Tuesday, October 7, 2008


While working on a frame for the arcade machine, I noticed that I could not only feel the transformer inside the main unit from quite a distance, but also felt through the MIG gun itself. Depending on how well I was laying the bead, the sensation intensified and changed. This is the first good example I have come across for an implant giving an occupational advantage: a welder could use their magnetic sense to give them information about the quality of their weld. With practice, I'm certain I could use the sense to help adjust the heat and wire feed speed to an ideal setting and tell if the bead was laying smoothly.


xenor said...

Other that welding and the obvious electrician uses, have you noticed any other sensations that could have more "practical" applications? Personally, I think a whole other sense is pretty practical in of itself :)

spacegibbon said...

I found a few interesting points in this abstract from: http://linkinghub.elsevier.com/retrieve/pii/S0889540606007086

"Rare earth magnets have been used in orthodontics, but their corrosion tendency in the oral cavity limits long-term clinical application. The aim of this project was to evaluate several; magnet coatings and their effects on magnetic flux density. Methods: A total of 60 neodymium-iron-boron magnets divided into 6 equal groups—polytetrafluoroethylene-coated (PTFE), parylene-coated, and noncoated—were subjected to 4 weeks of aging in saline solution, ball milling, and corrosion testing. Results: A significant decrease in magnet flux density was recorded after applying a protective layer of parylene, whereas a slight decrease was found after applying a protective layer of PTFE. After 4 weeks of aging, the coated magnets were superior to the noncoated magnets in retaining magnetism. The corrosion-behavior test showed no significant difference between the 2 types of coated magnets, and considerable amounts of iron-leached ions were seen in all groups. Conclusions: Throughout the processes of coating, soaking, ball milling, and corrosion testing, PTFE was a better coating material than parylene for preserving magnet flux density. However, corrosion testing showed significant metal leaching in all groups."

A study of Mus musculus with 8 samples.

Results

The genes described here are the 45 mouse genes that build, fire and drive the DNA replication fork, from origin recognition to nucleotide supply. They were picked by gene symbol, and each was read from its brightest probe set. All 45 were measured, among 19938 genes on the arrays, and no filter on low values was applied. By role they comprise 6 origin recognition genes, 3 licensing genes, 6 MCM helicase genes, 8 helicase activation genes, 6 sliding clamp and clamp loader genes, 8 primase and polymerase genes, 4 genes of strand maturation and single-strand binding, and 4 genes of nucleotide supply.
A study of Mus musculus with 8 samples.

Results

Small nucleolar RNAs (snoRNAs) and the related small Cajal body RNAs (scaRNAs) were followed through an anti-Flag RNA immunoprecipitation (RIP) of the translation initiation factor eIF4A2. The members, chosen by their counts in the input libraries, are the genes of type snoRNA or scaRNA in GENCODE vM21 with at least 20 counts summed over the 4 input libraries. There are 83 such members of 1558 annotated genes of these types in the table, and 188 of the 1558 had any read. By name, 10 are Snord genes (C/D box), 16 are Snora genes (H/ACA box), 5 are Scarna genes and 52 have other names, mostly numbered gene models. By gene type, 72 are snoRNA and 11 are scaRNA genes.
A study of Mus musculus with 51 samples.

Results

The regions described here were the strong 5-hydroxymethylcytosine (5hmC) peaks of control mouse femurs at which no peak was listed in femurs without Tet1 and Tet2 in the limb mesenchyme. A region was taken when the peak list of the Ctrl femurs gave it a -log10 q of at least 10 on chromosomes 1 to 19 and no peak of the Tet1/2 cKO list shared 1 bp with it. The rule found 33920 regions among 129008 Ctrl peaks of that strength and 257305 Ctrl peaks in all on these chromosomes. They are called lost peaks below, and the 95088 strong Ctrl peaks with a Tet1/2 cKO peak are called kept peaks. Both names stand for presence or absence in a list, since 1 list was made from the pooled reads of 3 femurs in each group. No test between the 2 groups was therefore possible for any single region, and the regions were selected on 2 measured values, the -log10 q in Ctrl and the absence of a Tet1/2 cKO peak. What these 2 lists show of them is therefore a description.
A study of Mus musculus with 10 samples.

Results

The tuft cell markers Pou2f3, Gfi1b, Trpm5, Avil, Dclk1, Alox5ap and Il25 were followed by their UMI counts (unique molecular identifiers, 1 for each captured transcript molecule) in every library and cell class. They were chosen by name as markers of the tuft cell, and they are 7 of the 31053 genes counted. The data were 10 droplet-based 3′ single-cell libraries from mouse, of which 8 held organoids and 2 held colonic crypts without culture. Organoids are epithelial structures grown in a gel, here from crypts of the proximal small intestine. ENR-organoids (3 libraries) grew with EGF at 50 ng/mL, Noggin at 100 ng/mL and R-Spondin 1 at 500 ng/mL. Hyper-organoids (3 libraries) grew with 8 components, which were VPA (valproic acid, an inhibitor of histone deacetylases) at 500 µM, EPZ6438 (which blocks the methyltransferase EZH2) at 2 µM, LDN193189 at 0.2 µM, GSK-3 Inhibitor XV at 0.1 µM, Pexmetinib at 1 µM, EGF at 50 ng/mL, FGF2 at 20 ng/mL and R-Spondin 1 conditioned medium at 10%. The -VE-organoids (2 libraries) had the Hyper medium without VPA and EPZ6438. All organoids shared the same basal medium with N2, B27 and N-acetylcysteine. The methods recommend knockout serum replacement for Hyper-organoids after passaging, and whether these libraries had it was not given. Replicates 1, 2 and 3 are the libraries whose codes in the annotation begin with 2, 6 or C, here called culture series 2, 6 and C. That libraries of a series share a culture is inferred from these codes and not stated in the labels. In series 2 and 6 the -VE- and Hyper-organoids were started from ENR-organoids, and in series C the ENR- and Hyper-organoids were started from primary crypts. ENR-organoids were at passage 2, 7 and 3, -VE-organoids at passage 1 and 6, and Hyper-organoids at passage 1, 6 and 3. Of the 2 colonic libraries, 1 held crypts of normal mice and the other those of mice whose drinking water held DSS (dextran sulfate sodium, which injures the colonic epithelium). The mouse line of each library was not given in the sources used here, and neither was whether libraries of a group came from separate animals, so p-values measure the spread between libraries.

The decrease in flux density in the Parylene is obviously not optimal, but the metal leaching could be a concern in long term use.

Nate said...

Very interesting. I read a similar article in which orthodontic conditions were recreated through ball milling, which puts crushing forces on the magnet. The milling ultimately compromised the coating, exposing the magnet below. I can only assume that this caused the 'metal leaching' described in the abstract. Thanks for the info!